Steve Swallow (born October 4th, 1940 in Fair Lawn, New Jersey) is a jazz bass guitarist and composer.
As a child, Swallow studied piano and trumpet before turning to the double bass at age 14. While attending a preparatory school, he began trying his hand in jazz improvisation. In 1960 he left Yale, where he was studying composition, and settled in New York City, playing at the time in Jimmy Giuffre's trio along with Paul Bley. Since joining Art Farmer's quartet in 1964, Swallow began to write. It is in the 1960s that his long-term association with Gary Burton's various bands began.
In the early 1970s, Swallow switched exclusively to bass guitar, of which he prefers the 5-string variety. Along with Bob Cranshaw, Swallow was among the first jazz bassists to switch exclusively to electric bass guitar (with much encouragement from Roy Haynes, Swallow's favorite drummer). Swallow plays with a pick (made of copper by Hotlicks), and his style involves intricate solos in the upper register; he was one of the early adopters of the high C string on a bass guitar.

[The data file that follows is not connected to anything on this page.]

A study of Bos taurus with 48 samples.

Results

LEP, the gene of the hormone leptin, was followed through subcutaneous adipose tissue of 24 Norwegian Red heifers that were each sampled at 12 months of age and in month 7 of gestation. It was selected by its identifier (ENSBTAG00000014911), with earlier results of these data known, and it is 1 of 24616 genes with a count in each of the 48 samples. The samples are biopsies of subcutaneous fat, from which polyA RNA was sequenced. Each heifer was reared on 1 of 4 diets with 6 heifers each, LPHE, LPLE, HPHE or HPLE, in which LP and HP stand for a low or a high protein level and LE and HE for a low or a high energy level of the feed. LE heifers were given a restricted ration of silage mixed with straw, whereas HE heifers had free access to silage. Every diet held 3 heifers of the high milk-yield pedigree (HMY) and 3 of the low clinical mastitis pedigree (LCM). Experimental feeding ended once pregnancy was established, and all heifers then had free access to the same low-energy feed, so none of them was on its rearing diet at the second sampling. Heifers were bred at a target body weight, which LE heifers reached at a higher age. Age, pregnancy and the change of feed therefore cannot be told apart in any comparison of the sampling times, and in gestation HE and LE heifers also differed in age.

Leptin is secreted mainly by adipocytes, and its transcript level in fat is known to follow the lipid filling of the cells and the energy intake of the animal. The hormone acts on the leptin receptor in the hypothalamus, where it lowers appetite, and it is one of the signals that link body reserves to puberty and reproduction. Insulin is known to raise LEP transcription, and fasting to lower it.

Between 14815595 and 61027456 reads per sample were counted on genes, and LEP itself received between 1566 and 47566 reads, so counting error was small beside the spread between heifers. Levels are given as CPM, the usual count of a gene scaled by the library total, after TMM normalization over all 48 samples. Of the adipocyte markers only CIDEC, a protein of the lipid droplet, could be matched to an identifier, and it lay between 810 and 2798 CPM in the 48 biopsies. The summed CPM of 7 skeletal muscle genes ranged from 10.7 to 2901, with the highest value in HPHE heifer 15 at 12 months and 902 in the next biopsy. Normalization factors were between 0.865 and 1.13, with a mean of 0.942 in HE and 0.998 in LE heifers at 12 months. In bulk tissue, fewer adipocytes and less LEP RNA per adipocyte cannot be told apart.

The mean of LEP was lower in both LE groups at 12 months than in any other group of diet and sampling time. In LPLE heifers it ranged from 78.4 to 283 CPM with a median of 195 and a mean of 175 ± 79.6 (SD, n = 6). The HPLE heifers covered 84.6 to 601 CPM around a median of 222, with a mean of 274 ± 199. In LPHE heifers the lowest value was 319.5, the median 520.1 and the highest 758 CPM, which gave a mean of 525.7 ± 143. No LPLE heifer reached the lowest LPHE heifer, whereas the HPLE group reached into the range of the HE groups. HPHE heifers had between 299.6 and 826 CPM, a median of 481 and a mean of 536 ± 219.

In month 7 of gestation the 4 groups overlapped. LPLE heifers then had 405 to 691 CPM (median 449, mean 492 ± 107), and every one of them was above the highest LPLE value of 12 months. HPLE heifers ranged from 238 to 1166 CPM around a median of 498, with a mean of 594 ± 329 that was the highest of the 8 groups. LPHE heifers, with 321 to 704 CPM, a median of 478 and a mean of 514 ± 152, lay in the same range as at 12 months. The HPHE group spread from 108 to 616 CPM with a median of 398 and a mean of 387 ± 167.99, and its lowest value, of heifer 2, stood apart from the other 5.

In 1974-1976 Swallow taught at the Berklee College of Music. It is often speculated that he had an influence on the contents of The Real Book, which includes a fair number of his early compositions. He later recorded an album of the same name (Real Book), with the picture of a well-worn, coffee-stained Real Book on the cover.
In 1978 Swallow became an essential and constant member of Carla Bley's band. He toured extensively with John Scofield in the early 1980s, and has returned to this collaboration several times over the years.
Swallow has consistently won the electric bass category in Down Beat magazine's yearly polls, both Critics' and Readers' polls, since the mid-80s. His compositions have been covered by, among others, Jim Hall (who recorded his very first tune, "Eiderdown"), Bill Evans, Chick Corea, Stan Getz and Gary Burton.